In 2012, the Environmental Protection Agency passed a rule limiting the amount of heavy metals that coal-fired power plants could spew into the air. The agency’s research suggested that the rule would prevent 11,000 deaths, 4,700 heart attacks, and 130,000 asthma attacks every year. These findings meant that, for every dollar spent on enforcing the new regulation, the public would enjoy up to $9 in avoided medical costs.
But the Obama administration’s coastal elites failed to understand that the forgotten men and women of America’s heartland actually want their children exposed to dangerous levels of mercury — if that’s what it takes to maximize energy companies’ profit margins. And so, many red states stood up for their constituents’ inalienable right to die from preventable asthma attacks, and sued the federal government over the EPA’s rule.
In Oklahoma, then–attorney general Scott Pruitt led that valiant effort. Now, as the EPA prepares to defend its rule in court, the agency’s new head, Scott Pruitt, is asking his new underlings a simple question: Is this really worth defending?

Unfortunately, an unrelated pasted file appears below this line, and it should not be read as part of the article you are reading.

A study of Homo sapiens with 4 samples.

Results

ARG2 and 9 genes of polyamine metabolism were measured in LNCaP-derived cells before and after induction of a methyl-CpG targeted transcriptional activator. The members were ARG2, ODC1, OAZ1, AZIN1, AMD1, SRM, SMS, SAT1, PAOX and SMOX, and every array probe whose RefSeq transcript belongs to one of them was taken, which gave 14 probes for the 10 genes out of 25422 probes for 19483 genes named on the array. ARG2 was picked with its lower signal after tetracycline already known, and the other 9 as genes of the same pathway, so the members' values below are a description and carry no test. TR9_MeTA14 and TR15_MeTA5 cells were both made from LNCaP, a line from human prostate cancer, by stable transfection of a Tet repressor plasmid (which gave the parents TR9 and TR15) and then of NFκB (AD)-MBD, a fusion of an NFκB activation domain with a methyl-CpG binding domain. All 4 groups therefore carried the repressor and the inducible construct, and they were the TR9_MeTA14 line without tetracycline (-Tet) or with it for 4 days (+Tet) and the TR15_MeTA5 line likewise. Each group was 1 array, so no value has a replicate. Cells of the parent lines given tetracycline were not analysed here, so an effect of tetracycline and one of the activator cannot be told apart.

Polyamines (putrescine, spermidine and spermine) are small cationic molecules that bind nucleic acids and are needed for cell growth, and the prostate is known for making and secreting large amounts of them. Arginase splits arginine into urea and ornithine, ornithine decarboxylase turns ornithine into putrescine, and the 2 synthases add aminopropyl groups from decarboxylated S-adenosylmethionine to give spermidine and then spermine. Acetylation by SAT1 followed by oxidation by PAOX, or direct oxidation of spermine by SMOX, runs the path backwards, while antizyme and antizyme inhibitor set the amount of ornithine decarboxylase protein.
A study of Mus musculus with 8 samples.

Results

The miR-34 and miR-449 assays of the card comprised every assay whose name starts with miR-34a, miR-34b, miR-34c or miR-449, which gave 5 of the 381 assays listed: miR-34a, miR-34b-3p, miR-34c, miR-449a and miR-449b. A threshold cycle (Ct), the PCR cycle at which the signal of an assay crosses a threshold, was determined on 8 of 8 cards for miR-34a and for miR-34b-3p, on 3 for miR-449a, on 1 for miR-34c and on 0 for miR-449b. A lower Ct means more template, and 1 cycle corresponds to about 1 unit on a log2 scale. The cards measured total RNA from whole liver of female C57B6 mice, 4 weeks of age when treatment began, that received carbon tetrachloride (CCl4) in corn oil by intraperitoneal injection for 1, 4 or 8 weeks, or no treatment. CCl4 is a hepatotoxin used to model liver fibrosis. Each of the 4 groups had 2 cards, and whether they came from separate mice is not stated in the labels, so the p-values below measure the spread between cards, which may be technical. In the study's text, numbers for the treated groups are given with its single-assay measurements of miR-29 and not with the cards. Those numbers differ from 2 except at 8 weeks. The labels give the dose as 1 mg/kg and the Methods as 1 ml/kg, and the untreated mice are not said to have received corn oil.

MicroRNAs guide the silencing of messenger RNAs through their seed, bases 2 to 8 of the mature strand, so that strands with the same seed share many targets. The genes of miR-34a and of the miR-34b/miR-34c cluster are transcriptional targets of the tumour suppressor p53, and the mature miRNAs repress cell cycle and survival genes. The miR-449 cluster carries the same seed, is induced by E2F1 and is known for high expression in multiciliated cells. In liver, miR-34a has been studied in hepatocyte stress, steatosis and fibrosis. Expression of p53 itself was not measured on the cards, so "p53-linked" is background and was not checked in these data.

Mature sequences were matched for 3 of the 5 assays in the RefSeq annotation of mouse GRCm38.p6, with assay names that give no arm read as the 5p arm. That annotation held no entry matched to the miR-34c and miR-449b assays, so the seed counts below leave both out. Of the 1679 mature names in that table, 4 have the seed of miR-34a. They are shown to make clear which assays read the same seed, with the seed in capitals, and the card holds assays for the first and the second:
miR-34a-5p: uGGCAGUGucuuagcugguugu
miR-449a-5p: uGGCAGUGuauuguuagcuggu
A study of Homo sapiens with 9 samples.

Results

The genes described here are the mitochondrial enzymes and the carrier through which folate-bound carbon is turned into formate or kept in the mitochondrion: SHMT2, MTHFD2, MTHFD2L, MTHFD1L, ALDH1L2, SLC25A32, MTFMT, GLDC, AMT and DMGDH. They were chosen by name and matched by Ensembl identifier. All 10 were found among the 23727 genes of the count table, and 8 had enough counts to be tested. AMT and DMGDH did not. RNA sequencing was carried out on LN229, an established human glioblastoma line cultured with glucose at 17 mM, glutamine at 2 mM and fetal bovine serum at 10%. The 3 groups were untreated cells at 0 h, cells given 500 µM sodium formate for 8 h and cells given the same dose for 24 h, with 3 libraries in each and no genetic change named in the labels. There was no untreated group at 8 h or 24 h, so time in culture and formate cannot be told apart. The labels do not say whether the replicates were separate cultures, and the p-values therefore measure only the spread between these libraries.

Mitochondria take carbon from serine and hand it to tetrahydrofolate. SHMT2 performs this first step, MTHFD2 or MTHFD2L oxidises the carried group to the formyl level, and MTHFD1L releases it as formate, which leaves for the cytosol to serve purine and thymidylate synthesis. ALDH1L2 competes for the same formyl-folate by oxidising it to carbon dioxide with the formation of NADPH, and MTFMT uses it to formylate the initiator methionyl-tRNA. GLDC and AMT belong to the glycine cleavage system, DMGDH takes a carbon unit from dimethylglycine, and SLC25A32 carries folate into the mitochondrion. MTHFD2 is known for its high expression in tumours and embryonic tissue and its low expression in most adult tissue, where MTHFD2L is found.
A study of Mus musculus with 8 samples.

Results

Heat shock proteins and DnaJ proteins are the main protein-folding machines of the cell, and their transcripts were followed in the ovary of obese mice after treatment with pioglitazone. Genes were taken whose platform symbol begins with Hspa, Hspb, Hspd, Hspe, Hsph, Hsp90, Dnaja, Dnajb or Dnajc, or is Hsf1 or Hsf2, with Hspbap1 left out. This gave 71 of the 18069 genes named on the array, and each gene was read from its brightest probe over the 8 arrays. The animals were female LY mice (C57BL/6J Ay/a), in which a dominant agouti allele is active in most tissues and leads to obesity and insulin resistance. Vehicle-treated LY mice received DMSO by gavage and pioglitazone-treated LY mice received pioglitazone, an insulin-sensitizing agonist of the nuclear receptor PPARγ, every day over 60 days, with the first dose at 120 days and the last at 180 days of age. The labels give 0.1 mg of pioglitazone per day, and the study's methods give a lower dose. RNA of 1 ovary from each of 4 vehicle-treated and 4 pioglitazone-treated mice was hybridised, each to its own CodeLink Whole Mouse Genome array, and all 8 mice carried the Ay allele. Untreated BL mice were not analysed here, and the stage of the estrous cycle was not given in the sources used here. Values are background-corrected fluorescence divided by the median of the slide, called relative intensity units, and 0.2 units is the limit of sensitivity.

Here’s a quick primer on the legal fight that Pruitt appears set to give up: In 2015, the Supreme Court ruled 5–4 that the EPA had not adequately assessed the potential costs of the regulation. That decision put the rule’s future in the hands of the D.C. Circuit Court of Appeals. To keep the regulation alive, the EPA would need to demonstrate that repealing the limit would do more harm than good, or else that the agency did, in fact, adequately consider the costs of its rule. Oral arguments were scheduled for May 18.
But this week, Pruitt’s EPA asked for that court date to be pushed back, as it would need time to “fully review” its past findings, “in light of the recent change in administration.” That decision comes even as a majority of utilities in the United States are already on pace to meet the new emissions standards.
Since Trump took office, the EPA has already taken legal action to delay Obama-era regulations on emissions of methane, ozone, and carbon.
Last month, a Gallup poll found that 59 percent of Americans believe “the environment should be prioritized over energy production.”